Want to know what your team needs in free agency? Want to see if your team can be considered a legitimate contender as of this moment, before the free-agency period begins?
I offer you my four-pronged approach to gauging the strength of NFL teams.
We did this a few years back, and with free agency likely playing out over the next few weeks and the opening of camps coming soon thereafter, it feels like a good time to do it again.
• Rate the quarterback.
• Rate the guys who knock the quarterback down.
• Rate the players who knock down the quarterback's passes.
• Rate the men who keep the quarterback upright.
That means the important positions are quarterback, defensive end or outside linebacker as a pass rusher, cornerback and left tackle.
Strong up the middle? That's your daddy's football. The game is a perimeter game now, which is why my four-pronged approach works in building a team -- and also applies to assessing the fortunes of a team.
I rated the players at each of the four positions from 1-32, based on who is expected to be the starter as of right now. There are some free agents included, players who their teams will try to keep. A player like Nnamdi Asomugha, the top player on the free-agent market, isn't rated among the corners because he isn't on a team yet, and the Oakland Raiders have no plans to bring him back.
Each team is represented by just one player at each position, so the Packers -- with two star corners -- only get one rated. The Steelers, with two great outside rushers, only get one rated.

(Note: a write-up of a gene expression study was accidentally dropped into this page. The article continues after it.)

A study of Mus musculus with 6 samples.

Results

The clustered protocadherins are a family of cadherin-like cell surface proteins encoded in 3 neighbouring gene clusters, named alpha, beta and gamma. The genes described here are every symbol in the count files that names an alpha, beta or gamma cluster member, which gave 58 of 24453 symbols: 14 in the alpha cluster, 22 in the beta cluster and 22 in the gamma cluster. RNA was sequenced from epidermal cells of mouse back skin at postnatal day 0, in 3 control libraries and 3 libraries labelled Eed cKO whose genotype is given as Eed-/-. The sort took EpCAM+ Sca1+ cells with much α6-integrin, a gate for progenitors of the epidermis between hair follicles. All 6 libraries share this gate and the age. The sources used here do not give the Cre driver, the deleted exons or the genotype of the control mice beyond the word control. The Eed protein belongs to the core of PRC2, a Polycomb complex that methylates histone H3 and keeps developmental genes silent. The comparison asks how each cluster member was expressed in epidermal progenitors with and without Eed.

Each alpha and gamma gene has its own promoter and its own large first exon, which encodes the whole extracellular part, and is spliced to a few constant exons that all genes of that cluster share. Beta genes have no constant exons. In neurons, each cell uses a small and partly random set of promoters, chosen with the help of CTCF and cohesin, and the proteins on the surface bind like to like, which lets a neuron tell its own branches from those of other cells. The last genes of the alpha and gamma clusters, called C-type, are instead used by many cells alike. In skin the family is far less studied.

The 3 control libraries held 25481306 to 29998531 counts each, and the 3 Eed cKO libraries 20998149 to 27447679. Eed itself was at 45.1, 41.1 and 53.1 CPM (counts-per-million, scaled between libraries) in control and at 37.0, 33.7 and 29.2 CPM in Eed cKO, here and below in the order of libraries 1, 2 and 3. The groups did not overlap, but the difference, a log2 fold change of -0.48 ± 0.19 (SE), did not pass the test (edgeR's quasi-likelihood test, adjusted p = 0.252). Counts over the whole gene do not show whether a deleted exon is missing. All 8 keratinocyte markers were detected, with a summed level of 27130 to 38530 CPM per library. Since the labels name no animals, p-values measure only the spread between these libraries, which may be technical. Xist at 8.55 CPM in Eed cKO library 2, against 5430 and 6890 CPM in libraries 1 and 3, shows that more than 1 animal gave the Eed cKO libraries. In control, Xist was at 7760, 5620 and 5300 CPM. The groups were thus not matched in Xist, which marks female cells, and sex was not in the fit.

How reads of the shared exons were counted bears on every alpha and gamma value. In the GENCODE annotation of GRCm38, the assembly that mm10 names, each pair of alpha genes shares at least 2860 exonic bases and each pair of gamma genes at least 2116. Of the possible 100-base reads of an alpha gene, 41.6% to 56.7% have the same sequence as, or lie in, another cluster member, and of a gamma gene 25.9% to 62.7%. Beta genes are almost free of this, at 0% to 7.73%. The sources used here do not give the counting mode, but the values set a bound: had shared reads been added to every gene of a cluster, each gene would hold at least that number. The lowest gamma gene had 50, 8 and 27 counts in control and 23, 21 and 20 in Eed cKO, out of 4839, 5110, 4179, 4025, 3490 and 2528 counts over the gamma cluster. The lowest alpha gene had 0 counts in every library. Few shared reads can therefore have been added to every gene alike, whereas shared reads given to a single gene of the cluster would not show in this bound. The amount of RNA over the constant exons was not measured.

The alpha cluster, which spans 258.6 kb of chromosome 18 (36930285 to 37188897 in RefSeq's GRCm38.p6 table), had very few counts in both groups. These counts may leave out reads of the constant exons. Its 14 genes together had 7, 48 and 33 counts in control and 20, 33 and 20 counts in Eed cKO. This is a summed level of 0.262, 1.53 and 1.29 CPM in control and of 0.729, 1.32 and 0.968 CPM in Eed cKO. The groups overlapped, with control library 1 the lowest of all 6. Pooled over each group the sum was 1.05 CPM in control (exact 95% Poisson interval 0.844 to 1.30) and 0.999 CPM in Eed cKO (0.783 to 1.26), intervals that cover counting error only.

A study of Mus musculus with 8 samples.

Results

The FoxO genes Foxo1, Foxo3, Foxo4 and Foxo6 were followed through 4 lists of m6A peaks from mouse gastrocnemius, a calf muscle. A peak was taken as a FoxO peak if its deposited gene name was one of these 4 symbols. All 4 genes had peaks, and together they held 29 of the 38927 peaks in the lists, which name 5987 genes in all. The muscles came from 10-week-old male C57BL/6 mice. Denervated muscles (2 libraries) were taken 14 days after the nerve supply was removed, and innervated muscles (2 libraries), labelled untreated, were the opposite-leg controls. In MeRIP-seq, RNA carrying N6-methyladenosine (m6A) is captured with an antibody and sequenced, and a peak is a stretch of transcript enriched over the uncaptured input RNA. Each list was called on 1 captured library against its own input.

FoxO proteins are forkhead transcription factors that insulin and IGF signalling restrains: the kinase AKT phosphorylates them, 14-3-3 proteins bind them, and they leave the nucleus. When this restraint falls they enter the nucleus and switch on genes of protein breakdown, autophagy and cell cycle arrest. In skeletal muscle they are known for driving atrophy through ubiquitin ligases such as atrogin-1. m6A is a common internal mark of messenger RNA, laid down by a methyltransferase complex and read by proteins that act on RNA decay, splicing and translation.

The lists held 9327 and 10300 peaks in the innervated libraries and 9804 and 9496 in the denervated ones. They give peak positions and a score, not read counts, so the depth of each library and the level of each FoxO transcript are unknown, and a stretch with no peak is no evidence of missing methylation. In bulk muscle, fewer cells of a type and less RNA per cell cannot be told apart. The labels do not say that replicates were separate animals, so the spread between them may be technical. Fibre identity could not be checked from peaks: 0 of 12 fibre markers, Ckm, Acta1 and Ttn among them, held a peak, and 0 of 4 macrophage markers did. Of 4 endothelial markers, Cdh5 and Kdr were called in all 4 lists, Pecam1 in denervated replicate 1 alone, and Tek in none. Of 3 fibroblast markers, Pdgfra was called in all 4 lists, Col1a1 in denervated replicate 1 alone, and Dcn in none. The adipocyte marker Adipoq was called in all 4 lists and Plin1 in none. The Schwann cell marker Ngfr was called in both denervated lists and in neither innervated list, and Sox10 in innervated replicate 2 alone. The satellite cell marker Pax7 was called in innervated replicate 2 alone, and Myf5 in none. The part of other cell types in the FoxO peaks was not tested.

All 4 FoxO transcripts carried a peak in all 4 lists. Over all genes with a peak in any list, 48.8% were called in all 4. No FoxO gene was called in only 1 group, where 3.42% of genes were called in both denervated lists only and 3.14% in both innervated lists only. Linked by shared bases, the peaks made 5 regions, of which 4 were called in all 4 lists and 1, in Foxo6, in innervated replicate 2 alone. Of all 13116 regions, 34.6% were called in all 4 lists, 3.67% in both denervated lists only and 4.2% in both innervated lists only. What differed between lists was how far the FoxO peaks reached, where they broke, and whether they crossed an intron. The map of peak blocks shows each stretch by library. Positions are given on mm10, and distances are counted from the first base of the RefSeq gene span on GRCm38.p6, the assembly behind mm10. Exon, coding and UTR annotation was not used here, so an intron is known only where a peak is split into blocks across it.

The top player at each position gets 32 points, all the way down to the bottom player getting one, with one important catch: the quarterback rating is doubled, since that position might be 75 percent of the game the way it is played.
|All-Pro Nnamdi Asomugha, a free agent unlikely to return to Oakland, does not figure into these ratings. (Getty Images)|
The four positions are then added up for an overall cumulative score.
The top team in 2011 based on these rankings is the Green Bay Packers, who also happen to be the defending Super Bowl champions. A scan of the top of the list shows some other teams widely expected to be good.
One of the surprises of these rankings is seeing the Denver Broncos as the sixth-best team. That's because they have elite players at corner (Champ Bailey), left tackle (Ryan Clady) and pass rusher (Elvis Dumvervil). Imagine if they had a real quarterback?
Another surprise to some might be the Detroit Lions sitting at No. 26. Detroit is generally considered a team on the rise, but lacks a premier player at left tackle and is weak at corner. The Lions also are average at pass rusher and Matthew Stafford isn't as highly ranked because he has been hurt. I offer this data to those of you on the Lions-to-the-playoffs bandwagon.
Now if they sign a corner in free agency, it would help. The same goes for the Houston Texans. They have good ratings, except at corner. What if they signed Asomugha? He would be the top-ranked corner and would move them to second in the overall rankings.
I did include Carson Palmer with Cincinnati and Donovan McNabb with Washington. I still think there is a chance they both play for those teams again -- no matter what the rhetoric has been.
I caution that this isn't an exercise in predicting a Super Bowl winner. That will come with time. What this should do is offer a hint at what your team needs to do to become elite, or what they possess to have already entered that category.